Leeds United will formally trigger a 12-month extension of Garry Monk’s existing contract as head coach tomorrow with new owner Andrea Radrizzani looking for “time to know each other” before sanctioning a long-term deal.
Speaking to the YEP, Radrizzani said a lengthier agreement with Monk was on his agenda but admitted he was happy to retain Monk until the end of next season while they discuss plans for the year ahead.
The Italian businessman, who ended Massimo Cellino’s association with Leeds by completing a 100 per cent takeover of the club on Tuesday, has held two rounds of talks with Monk this week and confirmed his intention to extend the deal which Monk negotiated with United’s last June.
The former Swansea City manager took up an initial 12-month offer at Elland Road but agreed to a clause allowing Leeds to extend his stay to the end of the 2017-18 season.
United’s right to exercise that option expires next week, on May 31, and Radrizzani confirmed that the club would activate it tomorrow.
Monk, however, is seeking a longer contract from Radrizzani after narrowly missing out on the Championship play-offs in his first year as head coach.
He is understood to be disappointed with the prospect of a short-term extension but Radrizzani indicated that he would look at a more substantial contract for the 38-year-old and said he was still to be notified of Monk’s demands.
“I think in my opinion it’s fair to have time to know each other because I’m starting now,” Radrizzani said. “I never had a chance to know him.
“His first full season was last year and he was happy to give the club the option to continue. I don’t see any problem with us having this period and then, with more time and calm, discuss an extension. I don’t see a problem. If he has a different opinion then I’m also keen and flexible to listen.
“I’m open (to a longer deal) because it’s our priority but so far I didn’t receive clear feedback from them about an extension.”
Radrizzani is instigating major changes to senior personnel at Elland Road having added Ivan Bravo, formerly of Real Madrid, to the club’s board.
West Ham United managing director Angus Kinnear is set to arrive as a replacement for outgoing chief executive Ben Mansford and Victor Orta, Middlesbrough’s ex-head of recruitment, is in line to become technical director.
Radrizzani introduced Monk to Bravo this week and said discussions about signings for next season were already underway.
“I met him (Monk) a couple of times this week to introduce the new management that will work with me and also to discuss in full transparency what worked and what didn’t work well last season, and how we can improve together for the season,” Radrizzani said.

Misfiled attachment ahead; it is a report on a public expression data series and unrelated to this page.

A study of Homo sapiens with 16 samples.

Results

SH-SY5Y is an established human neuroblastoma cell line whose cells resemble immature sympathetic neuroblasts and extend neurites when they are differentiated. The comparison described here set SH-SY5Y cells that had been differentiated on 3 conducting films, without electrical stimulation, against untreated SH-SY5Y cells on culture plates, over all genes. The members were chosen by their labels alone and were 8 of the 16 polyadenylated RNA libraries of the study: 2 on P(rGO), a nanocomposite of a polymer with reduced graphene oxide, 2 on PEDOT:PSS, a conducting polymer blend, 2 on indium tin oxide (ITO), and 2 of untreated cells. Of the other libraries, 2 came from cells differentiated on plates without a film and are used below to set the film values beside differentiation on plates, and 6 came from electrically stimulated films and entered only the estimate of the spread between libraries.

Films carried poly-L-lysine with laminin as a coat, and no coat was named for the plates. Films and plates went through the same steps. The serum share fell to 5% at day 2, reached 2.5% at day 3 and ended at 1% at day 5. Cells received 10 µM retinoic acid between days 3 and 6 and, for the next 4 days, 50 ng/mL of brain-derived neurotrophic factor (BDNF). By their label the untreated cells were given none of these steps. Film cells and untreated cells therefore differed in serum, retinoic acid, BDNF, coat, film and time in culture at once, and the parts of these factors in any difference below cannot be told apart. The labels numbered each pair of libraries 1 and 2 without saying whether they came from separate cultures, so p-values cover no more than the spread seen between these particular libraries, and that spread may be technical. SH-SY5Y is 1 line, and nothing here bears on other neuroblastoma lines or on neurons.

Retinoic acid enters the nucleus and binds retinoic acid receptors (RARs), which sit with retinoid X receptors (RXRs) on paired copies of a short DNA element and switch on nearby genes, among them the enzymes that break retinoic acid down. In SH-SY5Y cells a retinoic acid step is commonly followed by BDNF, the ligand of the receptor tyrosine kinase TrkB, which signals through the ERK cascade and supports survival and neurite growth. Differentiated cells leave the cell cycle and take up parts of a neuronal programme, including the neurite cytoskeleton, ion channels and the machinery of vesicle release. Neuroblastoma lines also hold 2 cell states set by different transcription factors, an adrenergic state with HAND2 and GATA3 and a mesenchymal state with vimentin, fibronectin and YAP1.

“We are monitoring many (players) and we are starting discussions but until we confirm everything with Garry we can’t sign players because we need him involved in the call.”
Asked if Monk was happy with the new structure of management, Radrizzani said: “You should ask him but I had only a couple of meetings with him. I don’t know if he has enough information or time to make a judgement on that.”
Leeds produced their most competitive season in six years under Monk, finishing seventh in the Championship but dropping out of the play-offs after a run of one win from their final eight games.
Average attendances at Elland Road rose to more than 27,000, including a first sell-out since 2011, but Radrizzani voiced disappointment at the club’s weak finish, saying he wanted to created a “winning mentality”.
He insisted promotion next season would be a possibility, saying: “Every year it’s possible. I watched all the games this year. You could see that we wasted some points and that we could be a little bit higher, closer to the top two.
“We need to believe and work hard. What I think is missing is a winning mentality - the confidence and the conviction that we can achieve. We need to try to achieve. There was a gap in the current squad and it’s not their fault. It was also about the age. It will come naturally, this conviction or self-confidence. You go there with experience.
“It will happen in the players and even the fans. At the end of the day, I’m not that happy when I see that they (the fans) are happy with the season. The season at the end was not good. We didn’t achieve. Something didn’t work so we can’t be happy, just because we were bad 10 years ago. As a supporter of the club now I’m not happy if we don’t achieve.
“This is a positive pressure that in the right quantity is good to have in your life every day. Without accomplishments and satisfaction we will never reach results.”